Symantec is making software development with Enterprise JavaBeans a bit simpler.

Symantec is making software development with Enterprise JavaBeans a bit simpler.

The Java toolmaker will soon add new technology to its Visual Cafe Enterprise Suite which is intended to save Java developers time and make it easier for them to target application servers from multiple vendors.

The company on Monday is announcing an "EJB Universal Framework" that includes wizards and tools to generate EJB templates. That way, programmers can concentrate on building an applications' business logic and not have to write the general, nitty-gritty, book-keeping code, said Kent Mitchell, Symantec's Visual Cafe senior product manager.

Symantec is also creating specialized modules that let businesses deploy their EJBs more quickly on specific application servers. Application servers sit between Web browsers and databases and run the business logic--or the rules and regulations--of an application.

Right now, applications are deployed differently in each application server, an issue that a new future version of EJBs is supposed to address, Mitchell said. But until that new version of EJB is done, Symantec's modules will be tailored to the specific application server's unique characteristics, he said.

Symantec will support BEA's WebLogic app server first, with support for others in the works, including Sun's NetDynamics, IBM's WebSphere, and Iona's Orbix BeansTalk.

Joshua Walker, of Forrester Research, said Symantec's move for tighter integration to vendors' application servers is a smart strategy.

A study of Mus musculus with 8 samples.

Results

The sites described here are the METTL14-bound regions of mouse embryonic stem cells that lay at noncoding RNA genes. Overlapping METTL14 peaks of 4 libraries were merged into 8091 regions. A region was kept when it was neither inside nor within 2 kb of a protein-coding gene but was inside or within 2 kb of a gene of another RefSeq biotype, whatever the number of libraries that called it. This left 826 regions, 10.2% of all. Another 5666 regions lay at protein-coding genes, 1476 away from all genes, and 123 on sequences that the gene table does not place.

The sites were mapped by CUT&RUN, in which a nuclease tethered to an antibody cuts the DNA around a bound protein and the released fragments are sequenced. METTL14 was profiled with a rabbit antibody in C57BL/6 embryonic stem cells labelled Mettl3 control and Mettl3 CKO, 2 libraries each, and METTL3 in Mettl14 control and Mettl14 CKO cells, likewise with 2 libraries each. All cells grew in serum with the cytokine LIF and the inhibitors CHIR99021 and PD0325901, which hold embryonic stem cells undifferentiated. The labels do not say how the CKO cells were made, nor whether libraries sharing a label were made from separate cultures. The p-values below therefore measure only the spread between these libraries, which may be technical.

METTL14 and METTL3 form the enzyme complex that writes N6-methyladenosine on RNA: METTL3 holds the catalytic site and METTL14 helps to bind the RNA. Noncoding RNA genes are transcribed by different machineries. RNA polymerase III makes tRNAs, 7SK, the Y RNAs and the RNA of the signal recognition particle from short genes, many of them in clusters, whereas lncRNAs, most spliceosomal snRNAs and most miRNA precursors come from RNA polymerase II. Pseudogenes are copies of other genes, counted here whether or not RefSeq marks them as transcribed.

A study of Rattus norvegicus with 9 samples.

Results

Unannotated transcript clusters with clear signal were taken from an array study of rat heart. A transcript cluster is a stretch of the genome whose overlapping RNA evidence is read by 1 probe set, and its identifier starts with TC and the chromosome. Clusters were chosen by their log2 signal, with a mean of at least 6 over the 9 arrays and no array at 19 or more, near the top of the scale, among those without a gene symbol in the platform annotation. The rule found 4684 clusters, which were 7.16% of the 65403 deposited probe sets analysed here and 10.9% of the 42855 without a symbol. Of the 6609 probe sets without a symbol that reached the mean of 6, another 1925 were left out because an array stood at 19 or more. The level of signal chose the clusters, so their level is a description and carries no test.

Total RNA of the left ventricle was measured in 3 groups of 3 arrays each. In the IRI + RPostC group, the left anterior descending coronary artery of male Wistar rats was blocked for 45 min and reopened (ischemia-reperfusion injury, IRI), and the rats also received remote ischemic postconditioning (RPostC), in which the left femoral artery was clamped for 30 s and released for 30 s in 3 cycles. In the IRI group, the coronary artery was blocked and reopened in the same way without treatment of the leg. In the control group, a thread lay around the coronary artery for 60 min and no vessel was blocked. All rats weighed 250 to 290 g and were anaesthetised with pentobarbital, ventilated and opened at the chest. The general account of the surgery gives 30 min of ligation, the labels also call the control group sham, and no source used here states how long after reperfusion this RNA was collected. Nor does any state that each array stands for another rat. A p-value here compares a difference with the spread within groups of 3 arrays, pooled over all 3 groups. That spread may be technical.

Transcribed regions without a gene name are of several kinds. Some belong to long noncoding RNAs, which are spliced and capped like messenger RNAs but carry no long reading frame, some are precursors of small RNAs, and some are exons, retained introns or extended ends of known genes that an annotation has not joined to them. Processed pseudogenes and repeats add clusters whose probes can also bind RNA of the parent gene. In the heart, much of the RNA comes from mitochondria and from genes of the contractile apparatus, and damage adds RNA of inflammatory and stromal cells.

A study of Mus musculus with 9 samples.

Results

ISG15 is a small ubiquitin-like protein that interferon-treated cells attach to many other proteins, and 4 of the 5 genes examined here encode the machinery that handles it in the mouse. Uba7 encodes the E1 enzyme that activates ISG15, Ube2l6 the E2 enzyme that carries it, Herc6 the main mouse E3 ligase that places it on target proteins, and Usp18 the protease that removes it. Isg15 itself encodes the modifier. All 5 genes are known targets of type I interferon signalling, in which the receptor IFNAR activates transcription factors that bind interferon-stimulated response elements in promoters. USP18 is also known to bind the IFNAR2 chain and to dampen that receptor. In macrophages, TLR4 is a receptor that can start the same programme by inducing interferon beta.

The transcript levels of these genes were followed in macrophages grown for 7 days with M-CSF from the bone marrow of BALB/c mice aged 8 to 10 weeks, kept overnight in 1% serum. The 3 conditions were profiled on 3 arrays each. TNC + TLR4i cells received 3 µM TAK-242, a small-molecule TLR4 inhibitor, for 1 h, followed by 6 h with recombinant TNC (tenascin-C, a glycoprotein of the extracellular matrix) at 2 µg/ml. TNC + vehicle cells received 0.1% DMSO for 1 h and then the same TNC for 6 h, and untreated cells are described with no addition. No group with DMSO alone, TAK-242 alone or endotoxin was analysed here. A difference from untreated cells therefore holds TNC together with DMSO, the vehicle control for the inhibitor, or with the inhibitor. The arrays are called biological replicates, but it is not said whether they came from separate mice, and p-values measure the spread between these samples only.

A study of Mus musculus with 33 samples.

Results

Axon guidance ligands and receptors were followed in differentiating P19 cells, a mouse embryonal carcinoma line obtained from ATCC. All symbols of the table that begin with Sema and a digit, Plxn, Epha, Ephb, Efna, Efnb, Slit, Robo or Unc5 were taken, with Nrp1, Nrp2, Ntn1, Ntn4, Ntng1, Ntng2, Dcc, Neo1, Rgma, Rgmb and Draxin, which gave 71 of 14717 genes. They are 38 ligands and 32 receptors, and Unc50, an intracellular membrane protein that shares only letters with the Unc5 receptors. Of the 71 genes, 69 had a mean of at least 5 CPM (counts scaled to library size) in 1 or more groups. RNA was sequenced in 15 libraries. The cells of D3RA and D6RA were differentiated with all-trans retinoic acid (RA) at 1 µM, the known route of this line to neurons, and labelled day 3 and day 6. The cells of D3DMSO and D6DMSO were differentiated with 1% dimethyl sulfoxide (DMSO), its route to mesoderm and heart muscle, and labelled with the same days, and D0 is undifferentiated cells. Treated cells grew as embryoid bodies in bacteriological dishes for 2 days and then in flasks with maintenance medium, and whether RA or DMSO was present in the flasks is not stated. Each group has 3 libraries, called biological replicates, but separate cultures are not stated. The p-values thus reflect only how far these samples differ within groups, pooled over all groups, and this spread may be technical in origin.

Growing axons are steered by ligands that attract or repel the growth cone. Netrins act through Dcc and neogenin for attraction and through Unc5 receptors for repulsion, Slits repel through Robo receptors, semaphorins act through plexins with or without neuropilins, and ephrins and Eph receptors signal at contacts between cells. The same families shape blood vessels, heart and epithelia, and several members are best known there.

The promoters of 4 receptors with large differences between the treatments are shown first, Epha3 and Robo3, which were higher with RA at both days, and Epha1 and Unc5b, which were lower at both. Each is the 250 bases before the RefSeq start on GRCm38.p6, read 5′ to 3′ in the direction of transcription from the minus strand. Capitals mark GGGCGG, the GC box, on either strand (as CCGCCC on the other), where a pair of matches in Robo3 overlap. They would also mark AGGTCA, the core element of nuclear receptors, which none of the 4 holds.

Because Symantec's tool is so popular among Java developers, it's important that they try to customize it to every application server, he said. "Symantec doesn't have an [application server], but as a leading tool provider they will try to play the neutral ground. We see tremendous value in that."

Also part of the framework is enhanced debugging support for EJBs. The Enterprise Suite features a single user interface that lets programmers view and work on all parts of a distributed application, so the software looks like one piece on a single machine, rather than dozens of pieces scattered across a network. "This is a lot smoother than before," Mitchell said.

Anne Thomas, of the Patricia Seybold Group, was not impressed with Symantec's announcement, saying the company is playing catch-up with IBM and Inprise which are offering similar technologies.

In fact, Thomas said the technology that generates templates and Java code is similar in concept to the software that Inline Software offers, but Inline's product offers more features. In fact, Inprise is bundling Inline's software with its JBuilder Java tool.

"Everybody who has been doing Java IDEs has already implemented this template stuff to automate the building of EJB-required interfaces," she said.

Symantec had planned to integrate Inline's technology to its products, but the partnership fell through, said Symantec's Mitchell, who declined to give further details.

The EJB Universal Framework--which will be a free upgrade to current Visual Cafe Enterprise Edition users--is in beta now and should be released in late June or early July. Another new feature in the framework is an "XML-based deployment descriptor," which will be part of the new EJB standard from Sun.